The Science Speaks blog series offers a deep dive into science, technology, and innovation topics on the minds of the public. The series explains focal topics through relatable analogies and asks readers to consider key opportunities, explore avenues for advancing gender equity and equality, and answer the ultimate question: Why should we care?
I was first introduced to the superhero known as The Flash when everyone wanted to dress in his costume during a Halloween episode of The Big Bang Theory. A bit of googling taught me that while The Flash is known for his superhuman speed, he is also capable of generating electricity. In fact, I learned that The Flash converts to 100% pure energy if he moves too fast, and I became skeptical of this unrealistically high energy efficiency.
Energy efficiency means using less energy than typically required to complete a task or getting the most utility out of every unit of energy consumed—in other words, reducing energy waste. Energy-efficient processes do a better job of converting energy into desired outcomes, seeking to get as close as possible to 100% efficiency like The Flash. This has huge implications for women and girls, whose microenterprises and traditional roles and responsibilities often rely on inefficient or unreliable energy sources.
The benefits of energy efficiency span from people to planet. Individuals or businesses save money if they need less energy to operate, and at the national level, reliance on energy imports decreases. Because electricity is frequently generated by burning fossil fuels, which releases greenhouse gases into the atmosphere, improving energy efficiency reduces emissions and helps mitigate the climate crisis. Plus, energy-efficient appliances that decrease indoor air pollution and create well-lit areas improve the health and safety of women and girls.
Because The Flash’s superpowers are entirely fictional, creative approaches at the industry, community, and individual levels are needed to improve energy efficiency. For example, vehicle energy efficiency may be increased through electrification, aerodynamic design, or use of tires that minimize friction. (The Flash, who somehow experiences no friction when speeding about, could be a model for said tires.) Residential and commercial buildings can be designed to ensure that windows are well-sealed and attics well-insulated to prevent heat loss, while light-colored roofs and shade-bearing trees reduce cooling needs. Replacing old appliances or installing LED lights are effective strategies at the individual level.
Energy efficiency lessens energy usage by implementing technological advances to cut down on waste. Energy conservation, on the other hand, reduces energy consumption based on behavioral changes, and it has been suggested that women are more likely than men to adopt energy conservation practices. Energy conservation may involve biking to the grocery store, while energy efficiency could mean purchasing an electric vehicle to drive there. Energy conservation is The Flash going outdoors to speed-read a book on a sunny day, while energy efficiency is using The Flash’s own electricity to illuminate his reading room.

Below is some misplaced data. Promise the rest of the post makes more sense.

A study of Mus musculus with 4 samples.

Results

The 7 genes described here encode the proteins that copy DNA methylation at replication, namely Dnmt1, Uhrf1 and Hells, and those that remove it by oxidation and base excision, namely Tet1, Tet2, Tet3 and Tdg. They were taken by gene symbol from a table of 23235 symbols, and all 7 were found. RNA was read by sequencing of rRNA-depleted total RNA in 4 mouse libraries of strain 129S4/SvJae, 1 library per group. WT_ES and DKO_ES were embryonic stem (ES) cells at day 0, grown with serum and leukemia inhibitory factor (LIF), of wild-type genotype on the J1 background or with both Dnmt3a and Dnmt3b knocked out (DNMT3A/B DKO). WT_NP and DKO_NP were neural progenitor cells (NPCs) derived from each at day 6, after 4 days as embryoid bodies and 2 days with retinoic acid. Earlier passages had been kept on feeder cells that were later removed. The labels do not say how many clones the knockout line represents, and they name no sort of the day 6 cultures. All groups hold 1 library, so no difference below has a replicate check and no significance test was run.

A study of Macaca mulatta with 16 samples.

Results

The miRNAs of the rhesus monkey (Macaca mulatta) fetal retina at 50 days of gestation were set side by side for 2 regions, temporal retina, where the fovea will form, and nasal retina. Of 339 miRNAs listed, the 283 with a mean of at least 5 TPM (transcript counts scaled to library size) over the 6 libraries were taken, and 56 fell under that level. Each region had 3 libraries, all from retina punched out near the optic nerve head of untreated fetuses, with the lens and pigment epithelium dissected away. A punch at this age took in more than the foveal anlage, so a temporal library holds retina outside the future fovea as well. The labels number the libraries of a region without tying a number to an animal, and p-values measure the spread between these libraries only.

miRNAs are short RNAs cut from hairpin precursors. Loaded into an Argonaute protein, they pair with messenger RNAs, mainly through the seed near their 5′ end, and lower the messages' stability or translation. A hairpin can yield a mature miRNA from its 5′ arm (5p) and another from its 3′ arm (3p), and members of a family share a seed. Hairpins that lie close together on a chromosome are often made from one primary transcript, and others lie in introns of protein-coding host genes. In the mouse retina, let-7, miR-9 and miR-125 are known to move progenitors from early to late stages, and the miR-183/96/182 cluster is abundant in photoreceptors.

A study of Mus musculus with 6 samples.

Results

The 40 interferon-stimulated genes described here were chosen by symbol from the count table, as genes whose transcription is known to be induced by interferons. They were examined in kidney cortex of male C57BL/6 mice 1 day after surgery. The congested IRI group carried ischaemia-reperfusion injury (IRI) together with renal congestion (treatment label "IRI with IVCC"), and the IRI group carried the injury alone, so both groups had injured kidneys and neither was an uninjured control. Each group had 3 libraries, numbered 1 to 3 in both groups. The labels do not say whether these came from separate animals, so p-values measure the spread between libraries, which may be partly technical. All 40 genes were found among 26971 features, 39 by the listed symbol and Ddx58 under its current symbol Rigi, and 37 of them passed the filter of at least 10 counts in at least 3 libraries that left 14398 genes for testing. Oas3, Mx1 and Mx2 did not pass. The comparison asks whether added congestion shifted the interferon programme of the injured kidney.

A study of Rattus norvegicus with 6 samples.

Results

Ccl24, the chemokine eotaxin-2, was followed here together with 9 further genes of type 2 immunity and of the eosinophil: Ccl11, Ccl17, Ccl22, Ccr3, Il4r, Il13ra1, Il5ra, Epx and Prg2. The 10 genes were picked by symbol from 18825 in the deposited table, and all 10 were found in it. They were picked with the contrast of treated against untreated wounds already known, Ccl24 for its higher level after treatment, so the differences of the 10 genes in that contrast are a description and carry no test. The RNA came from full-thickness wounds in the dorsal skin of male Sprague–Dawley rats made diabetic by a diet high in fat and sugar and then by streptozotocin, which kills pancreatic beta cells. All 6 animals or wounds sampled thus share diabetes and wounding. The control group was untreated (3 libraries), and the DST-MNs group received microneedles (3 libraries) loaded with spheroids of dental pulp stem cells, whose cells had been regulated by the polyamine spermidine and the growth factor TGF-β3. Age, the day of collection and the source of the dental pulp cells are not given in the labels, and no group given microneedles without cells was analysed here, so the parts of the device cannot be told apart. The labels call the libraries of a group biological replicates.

In locations where women and girls’ unreliable access to energy hinders domestic responsibilities, limits education, harms livelihoods, and threatens pregnancy and other health outcomes, energy efficiency strategies that lower energy spending may prove game-changing. In electrified rural areas, women and girls spend less time on traditional household responsibilities, making them more likely to be employed and finish primary education, respectively. Plus, energy sector sustainability improvements are creating new jobs, which could benefit women and other marginalized populations—but only if they can get in the door. Laws restrict women’s energy sector participation in over 20 countries, and even in the United States women accounted for only one quarter of energy efficiency workers in 2019.
One of the biggest barriers to achieving energy efficiency is the upfront cost, which may dissuade would-be users if they aren’t aware of long-term cost-savings and local incentive programs (or perhaps if they aren’t superhero fans). , for instance, has helped residential and commercial property owners finance energy efficiency upgrades. In , striving for energy efficiency can simultaneously slow the growth of energy demands and address challenges like economic development and poverty reduction.
The U.S. Government is advancing energy policy and programs that aid in the pursuit of gender-responsive climate change mitigation. The State Department facilitates diplomatic engagement related to the global energy sector, including equitable energy sector job creation. Regional efforts, such as the Female Leaders in Energy career advancement initiative and Women in Energy Strategy pilot, both of which focus on Southeast Asia and the Pacific, are also underway. Other programs are building the of , that prevent women’s entry and retention in the sector, and facilitating
While we may never reach The Flash’s perfect efficiency, options abound for decreasing energy usage and increasing energy access around the world. How could you improve the energy efficiency of your home?
About the Author: Aubrey R. Paris, Ph.D., is a contracted Gender, Climate & Innovation Policy Advisor in the Secretary’s Office of Global Women’s Issues (S/GWI). Dr. Paris received her Ph.D. in Chemistry and Materials Science from Princeton University and B.S. in Chemistry and Biology from Ursinus College.